Erislandy Lara successfully defended his WBA and IBO super welterweight titles with a unanimous-decision win over Vanes Martirosyan in a rematch of their 2012 meeting that ended in a draw.
ESPN.com's Dan Rafael shared the official scores:
The 33-year-old Cuban used his speed to gain the advantageous angles throughout most of the fight. The southpaw used his sneaky left hand to snap Martirosyan's head back on several occasions. Per the Showtime broadcast, Lara had a clear advantage in punches landed: 162-94.
Martirosyan did have his moments, though.
He did excellent work to the body—particularly with the left hook. In hopes of slowing down the fleet-footed champion, Martirosyan continued his focus on Lara's midsection through 11 rounds, but the shots had little to no effect on the champion.
For most of the rounds, Lara stayed on his horse, only stopping long enough to launch the one-two combination that left Martirosyan's face swollen and with cuts under both eyes.
Lara suffered a large hematoma on the left side of his forehead, but the swelling was the product of a head-butt in the fifth round. It was one of at least three clashes of heads in the bout.
Every time the fighters' heads clashed, the abrupt and inconclusive manner in which their first bout ended came to mind. In 2012, a nasty cut opened over Martirosyan's left eye from a clash of heads in the ninth round. He couldn't continue, and the fight went to the scorecards.
It was scored a draw, but Lara should've been awarded the decision in that bout as well. He outlanded Martirosyan in every round, per BoxRec.
Saturday night's fight had its own controversy.
Referee Vic Drakulich erroneously penalized Martirosyan a point after two low blows. The first supposed low blow was caused by Lara inadvertently knocking Martirosyan's hand below the belt. The second—which is the one that drew the penalty—was on the belt line.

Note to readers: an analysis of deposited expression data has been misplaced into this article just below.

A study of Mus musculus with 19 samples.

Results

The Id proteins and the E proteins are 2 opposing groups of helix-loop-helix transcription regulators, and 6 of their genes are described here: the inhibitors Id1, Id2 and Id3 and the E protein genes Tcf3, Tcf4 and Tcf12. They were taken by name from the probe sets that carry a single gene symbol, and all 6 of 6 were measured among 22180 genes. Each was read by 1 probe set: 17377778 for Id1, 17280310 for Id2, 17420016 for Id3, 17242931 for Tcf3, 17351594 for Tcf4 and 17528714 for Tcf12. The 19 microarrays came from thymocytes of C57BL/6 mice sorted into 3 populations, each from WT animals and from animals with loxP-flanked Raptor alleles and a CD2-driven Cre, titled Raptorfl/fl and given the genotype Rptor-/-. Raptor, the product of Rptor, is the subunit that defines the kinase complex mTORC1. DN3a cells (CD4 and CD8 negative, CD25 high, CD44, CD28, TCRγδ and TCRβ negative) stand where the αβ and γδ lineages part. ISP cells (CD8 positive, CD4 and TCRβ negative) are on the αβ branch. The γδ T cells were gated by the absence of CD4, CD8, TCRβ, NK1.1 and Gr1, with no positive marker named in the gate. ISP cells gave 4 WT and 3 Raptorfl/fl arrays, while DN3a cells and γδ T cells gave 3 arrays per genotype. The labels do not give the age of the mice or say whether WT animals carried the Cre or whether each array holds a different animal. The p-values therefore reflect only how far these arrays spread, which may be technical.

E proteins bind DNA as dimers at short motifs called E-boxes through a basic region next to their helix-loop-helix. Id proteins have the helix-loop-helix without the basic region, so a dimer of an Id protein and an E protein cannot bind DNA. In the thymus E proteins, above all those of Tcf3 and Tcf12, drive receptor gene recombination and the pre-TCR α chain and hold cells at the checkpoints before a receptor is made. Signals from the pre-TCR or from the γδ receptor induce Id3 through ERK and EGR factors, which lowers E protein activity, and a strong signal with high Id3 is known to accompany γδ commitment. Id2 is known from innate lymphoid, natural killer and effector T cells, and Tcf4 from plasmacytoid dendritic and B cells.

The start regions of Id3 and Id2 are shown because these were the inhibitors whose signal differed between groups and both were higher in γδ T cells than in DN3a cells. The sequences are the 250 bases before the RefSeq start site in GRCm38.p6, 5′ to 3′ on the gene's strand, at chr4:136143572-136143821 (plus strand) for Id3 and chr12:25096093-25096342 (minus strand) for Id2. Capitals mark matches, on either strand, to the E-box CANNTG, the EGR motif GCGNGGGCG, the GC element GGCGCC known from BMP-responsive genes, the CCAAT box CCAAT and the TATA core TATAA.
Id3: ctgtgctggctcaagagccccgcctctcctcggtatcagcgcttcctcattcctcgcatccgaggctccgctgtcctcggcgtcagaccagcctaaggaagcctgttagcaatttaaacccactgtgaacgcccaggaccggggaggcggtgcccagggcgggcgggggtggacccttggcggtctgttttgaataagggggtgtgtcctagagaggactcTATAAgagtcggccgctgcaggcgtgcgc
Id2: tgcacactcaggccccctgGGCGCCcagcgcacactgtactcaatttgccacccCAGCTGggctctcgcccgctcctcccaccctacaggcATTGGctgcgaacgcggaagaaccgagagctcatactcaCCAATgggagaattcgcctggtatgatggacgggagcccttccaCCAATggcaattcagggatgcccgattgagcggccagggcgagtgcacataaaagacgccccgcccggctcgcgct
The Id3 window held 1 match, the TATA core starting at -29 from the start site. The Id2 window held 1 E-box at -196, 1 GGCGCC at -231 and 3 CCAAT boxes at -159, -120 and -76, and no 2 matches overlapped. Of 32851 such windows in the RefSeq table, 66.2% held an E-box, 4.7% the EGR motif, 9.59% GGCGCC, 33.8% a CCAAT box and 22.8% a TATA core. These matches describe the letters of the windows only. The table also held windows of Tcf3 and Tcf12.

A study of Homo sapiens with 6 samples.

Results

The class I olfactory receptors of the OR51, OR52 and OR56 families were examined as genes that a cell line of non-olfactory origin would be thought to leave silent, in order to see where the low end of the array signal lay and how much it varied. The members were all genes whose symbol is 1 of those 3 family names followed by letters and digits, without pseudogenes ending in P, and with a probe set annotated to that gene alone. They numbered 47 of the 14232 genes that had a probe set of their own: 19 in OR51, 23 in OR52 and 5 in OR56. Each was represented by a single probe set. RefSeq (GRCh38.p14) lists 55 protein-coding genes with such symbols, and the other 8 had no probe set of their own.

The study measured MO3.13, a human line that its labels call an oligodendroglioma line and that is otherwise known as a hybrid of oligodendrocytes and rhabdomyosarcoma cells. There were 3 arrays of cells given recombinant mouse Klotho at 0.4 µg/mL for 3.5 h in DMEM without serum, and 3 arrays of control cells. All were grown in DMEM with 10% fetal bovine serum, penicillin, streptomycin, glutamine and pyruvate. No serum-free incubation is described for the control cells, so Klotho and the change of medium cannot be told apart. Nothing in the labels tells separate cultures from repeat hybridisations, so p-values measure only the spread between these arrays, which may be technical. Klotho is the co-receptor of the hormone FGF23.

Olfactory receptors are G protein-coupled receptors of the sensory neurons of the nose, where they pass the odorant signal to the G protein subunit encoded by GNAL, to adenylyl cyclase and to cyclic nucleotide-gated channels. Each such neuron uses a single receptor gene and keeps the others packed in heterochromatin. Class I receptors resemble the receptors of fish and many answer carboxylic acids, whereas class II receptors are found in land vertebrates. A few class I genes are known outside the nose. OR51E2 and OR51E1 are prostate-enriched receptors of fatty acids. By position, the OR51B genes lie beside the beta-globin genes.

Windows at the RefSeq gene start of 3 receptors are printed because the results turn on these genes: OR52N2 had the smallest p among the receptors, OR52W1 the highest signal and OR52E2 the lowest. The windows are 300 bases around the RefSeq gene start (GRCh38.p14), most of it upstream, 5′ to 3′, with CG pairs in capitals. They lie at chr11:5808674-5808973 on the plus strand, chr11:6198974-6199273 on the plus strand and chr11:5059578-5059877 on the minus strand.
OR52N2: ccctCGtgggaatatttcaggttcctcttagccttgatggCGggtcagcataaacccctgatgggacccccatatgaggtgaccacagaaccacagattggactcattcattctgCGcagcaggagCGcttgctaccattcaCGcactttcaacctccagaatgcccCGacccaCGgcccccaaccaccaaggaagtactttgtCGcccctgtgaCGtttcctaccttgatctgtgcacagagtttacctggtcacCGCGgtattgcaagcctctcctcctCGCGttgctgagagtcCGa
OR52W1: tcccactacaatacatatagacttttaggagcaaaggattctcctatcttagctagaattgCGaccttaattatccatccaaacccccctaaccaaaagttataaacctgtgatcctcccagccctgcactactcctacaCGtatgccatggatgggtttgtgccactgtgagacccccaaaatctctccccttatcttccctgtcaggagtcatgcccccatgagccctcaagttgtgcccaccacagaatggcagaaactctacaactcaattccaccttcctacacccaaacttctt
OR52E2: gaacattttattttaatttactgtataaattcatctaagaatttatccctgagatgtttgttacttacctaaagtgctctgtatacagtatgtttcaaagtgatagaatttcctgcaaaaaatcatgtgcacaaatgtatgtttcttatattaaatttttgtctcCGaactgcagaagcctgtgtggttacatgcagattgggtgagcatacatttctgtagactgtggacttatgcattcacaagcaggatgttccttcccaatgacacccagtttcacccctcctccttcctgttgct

Rafael criticized Drakulich's decision:
While the point deduction might have bothered Martirosyan mentally, the final margin of the fight was large enough to make the punishment irrelevant.
Per the Showtime broadcast, Lara—who has now won four fights in a row since losing a split decision to Canelo Alvarez in July 2014—would like a rematch with the Mexican superstar.
Alvarez should be negotiating terms to face Gennady Golovkin, but there are doubts over whether the fight will happen. If Canelo chooses to stay away from the Kazakh wrecking machine, perhaps a second scrap with Lara could take place.
If Lara can't secure a fight with Canelo, perhaps he'll choose to move up to middleweight to face Golovkin. He would represent the toughest test GGG has faced in his career, but most would expect Lara to be stopped.
This is boxing, so who knows what will happen? Hopefully, fight fans will be treated to the bouts that will determine who the best fighters in the world are.